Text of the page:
Wynn Resorts announced that talks with MGM Vegas Casino Resorts about a potential sale of its newly built integrated resort, located in Everett, outside of Boston, have ended without a deal.
Wynn’s statement read “After careful consideration we have agreed to cease discussions with MGM Resorts. We remain committed to opening and operating Encore Boston Harbor as only Wynn Resorts is able to do.”
The two companies had confirmed, just last week, that they were in talks about a possible sale of the Boston Harbor Encore Casino to MGM. The Encore has been under construction for the last 3 years and is slated to open at the end of June.
Many observers were puzzled by the potential deal because, after a year-long investigation into the question of whether Wynn officials lied or did not disclose information about the sexual misconduct allegations that were made against then-CEO Steve Wynn, the
Massachusetts Gaming commission ruled that the company could keep its gaming license.
The MGA’s decision to allow Wynn to keep its license (conditional on payment of a $35 million fine and agreement to adhere to other conditions) seemed to close that chapter of Wynn’s history. But within a few weeks of the decision’s announcement, Wynn surprised the casino world with news of the Wynn-MGM talks.
Carlo DeMaria, the mayor of Everett—the town where the Encore Boston Harbor is located—was one person who was blindsided by the original announcement. “It’s not going to happen,” he said. “I don’t think I would have done a host agreement with anyone else. And now they’re going to sell it? No.”
MGM Resorts seems to have come to the same conclusion. “We have noted the anxiety raised by various stakeholders regarding a transaction and this troubles us at MGM,” the company said. “We only wish to have a positive impact on communities in which we operate. We think the best course of action is to discontinue discussions concerning this opportunity.”
Jewel in the Crown
The Boston Harbor Encore has been regarded as a jewel in Wynn’s crown, a significant property that will allow the casino operator to get its foot into the Eastern seaboard casino market. That’s why it’s puzzling to hear of the company’s willingness to sell out, just as they are starting to get their feet back on the ground after former CEO and director of the board Steve Wynn’s sexual misconduct almost destroyed the company’s future.
Inquiries about selling Encore Boston Harbor have, evidently, been coming in ever since regulatory investigations opened an investigation into the company’s suitability to retain its coveted eastern Massachusetts license. The story came to life in January 2018 when a Wall Street Journal article revealed a decade’s worth of sexual misconduct allegations against founder, CEO and director of Wynn Resorrt’s Board Steve Wynn.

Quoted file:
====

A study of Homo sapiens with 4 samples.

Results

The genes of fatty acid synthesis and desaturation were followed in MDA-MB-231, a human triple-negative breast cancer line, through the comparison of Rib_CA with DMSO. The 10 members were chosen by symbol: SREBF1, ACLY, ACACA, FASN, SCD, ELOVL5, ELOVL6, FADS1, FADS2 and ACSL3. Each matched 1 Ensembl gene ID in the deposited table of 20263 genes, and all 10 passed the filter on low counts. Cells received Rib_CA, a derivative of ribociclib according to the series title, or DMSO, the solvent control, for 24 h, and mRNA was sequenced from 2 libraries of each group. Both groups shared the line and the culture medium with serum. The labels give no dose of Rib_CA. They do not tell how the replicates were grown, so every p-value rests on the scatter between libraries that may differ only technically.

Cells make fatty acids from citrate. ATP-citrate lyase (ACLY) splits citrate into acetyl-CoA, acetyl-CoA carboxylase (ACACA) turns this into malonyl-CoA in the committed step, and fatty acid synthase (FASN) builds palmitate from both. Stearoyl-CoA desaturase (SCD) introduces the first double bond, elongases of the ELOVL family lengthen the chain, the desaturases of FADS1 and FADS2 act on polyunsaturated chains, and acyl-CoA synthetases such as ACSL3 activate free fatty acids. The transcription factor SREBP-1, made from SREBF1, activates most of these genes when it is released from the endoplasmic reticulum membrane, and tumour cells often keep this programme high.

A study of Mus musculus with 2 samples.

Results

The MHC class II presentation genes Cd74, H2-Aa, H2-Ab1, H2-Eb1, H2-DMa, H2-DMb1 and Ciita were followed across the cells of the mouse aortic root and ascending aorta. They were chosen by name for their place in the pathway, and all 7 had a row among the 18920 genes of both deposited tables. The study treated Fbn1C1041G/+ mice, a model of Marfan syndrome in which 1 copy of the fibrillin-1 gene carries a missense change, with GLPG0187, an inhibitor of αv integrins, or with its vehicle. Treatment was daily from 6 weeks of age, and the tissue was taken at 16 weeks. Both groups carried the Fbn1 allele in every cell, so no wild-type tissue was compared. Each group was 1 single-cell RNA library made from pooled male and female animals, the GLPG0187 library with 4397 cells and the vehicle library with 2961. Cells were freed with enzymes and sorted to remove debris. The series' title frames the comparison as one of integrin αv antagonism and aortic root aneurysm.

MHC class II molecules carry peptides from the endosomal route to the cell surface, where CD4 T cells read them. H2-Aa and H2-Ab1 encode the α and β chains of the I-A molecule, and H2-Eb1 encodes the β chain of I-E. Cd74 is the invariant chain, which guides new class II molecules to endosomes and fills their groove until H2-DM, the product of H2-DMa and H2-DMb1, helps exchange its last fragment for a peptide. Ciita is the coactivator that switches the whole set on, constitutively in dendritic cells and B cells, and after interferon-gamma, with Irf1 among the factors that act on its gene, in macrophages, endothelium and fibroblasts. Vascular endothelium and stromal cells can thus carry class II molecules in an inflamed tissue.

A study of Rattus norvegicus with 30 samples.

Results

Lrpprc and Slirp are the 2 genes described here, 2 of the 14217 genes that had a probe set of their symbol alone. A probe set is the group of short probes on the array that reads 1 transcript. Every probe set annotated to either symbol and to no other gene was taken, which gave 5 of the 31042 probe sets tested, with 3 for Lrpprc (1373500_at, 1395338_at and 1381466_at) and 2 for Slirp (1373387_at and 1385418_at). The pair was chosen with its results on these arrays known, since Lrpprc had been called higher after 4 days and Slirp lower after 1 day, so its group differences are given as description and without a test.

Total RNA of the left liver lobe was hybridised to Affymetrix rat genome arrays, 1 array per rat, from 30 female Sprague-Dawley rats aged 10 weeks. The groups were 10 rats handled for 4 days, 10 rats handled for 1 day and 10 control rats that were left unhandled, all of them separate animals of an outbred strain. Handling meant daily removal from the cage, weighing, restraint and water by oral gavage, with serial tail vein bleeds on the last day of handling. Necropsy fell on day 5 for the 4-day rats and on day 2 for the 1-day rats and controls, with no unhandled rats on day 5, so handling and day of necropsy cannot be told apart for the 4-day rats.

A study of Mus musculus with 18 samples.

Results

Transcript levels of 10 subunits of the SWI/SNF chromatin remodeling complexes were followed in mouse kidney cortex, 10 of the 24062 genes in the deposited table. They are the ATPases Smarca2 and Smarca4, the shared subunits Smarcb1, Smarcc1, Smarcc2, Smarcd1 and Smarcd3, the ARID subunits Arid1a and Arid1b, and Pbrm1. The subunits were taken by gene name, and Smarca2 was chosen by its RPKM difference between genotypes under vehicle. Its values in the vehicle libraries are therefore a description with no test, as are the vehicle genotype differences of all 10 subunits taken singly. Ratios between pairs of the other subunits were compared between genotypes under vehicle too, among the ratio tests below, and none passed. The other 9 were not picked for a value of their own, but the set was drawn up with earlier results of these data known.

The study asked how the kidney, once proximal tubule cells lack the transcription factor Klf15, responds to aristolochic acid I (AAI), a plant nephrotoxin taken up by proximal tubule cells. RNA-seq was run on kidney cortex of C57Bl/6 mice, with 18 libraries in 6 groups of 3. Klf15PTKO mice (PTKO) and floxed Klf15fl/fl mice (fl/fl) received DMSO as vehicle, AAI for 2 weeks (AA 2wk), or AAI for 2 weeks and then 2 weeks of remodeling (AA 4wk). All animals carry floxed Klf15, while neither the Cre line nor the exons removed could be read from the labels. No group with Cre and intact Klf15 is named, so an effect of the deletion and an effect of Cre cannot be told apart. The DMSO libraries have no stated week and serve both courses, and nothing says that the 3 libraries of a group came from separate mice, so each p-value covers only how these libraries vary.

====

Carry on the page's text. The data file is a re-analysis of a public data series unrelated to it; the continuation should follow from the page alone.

The report was damaging enough to cause Steve Wynn to resign as CEO and sell off his stock. Massachusetts regulators launched an investigation to determine the role of the company in the cover-up of Wynn. Investigators determined that the company had, indeed, attempted to cover up the allegations. That violated multiple regulations and the question of whether Wynn would be able to hold onto their gambling license for Massachusetts was on everyone’s mind.
Late last month the Massachusetts Gaming Commission fined Wynn Resorts $35 million and Matt Maddox an additional $500,000. That seemed to outsiders to be the end of the episode because it allowed Wynn Resorts to open and operate its Boston Casino. Some industry insiders, however, say that the company was insulted by the series of conditions that accompanied the fine.
These conditions included mandated leadership training for Maddox and a mandated independent monitor, to be paid for by Wynn, who would oversee company operations at the Encore Boston Harbor for at least three years.
Springfield Mayor Domenic Sarno has expressed concern that a sale of the Wynn Resort’s property in Everett will turn the state’s nascent gaming industry upside down. If MGM were to pursue the purchase of the Everett property, they would need to find a buyer for their Springfield casino since Massachusetts regulations prohibit any company from owning, operating or investing in more than one casino in the state.
The MGM Springfield casino has failed to meet monthly projections since its opening. That means that it will have a hard time unloading its Springfield property if it chooses to pursue the Boston property. MGM would also need to get the transfer approved by Springfield, surrounding communities and the commission. Such approval is questionable.
The issue of a possible sale is far from closed. Sources close to John W. Henry, owner of the Boston Globe and the Boston Red Sox, acknowledged that Henry is considering buying the Encore Boston Harbor. Henry considered buying Encore in 2018. He has approached Wynn Resorts with a group of potential investors to discuss a sale. Henry told the Globe he had reached out to the CEO of Wynn Resorts, Matt Maddox.
“I told him that I …. was sure that we could put together a very strong group of local buyers who would want to become minority investors or even purchase the project outright,” Henry told the Boston Globe. Henry has not identified the other investors. If Henry pursues the purchase of Wynn’s Boston Encore, the regulatory mess that would have accompanied a MGM sale would be avoided.
Industry analysts are questioning the timing of sale talks. Ken Adams, a gaming analyst based in Reno, Nevada, commented, saying “Why in the world would the think about selling at this point after everything they did to get to this point?”
At the present, parallel to talks of sales, Wynn Resorts is “working with the commission to understand the intent of the monitor condition in their recent decision.” If the commission can soothe Wynn’s feather, sale talk might fade.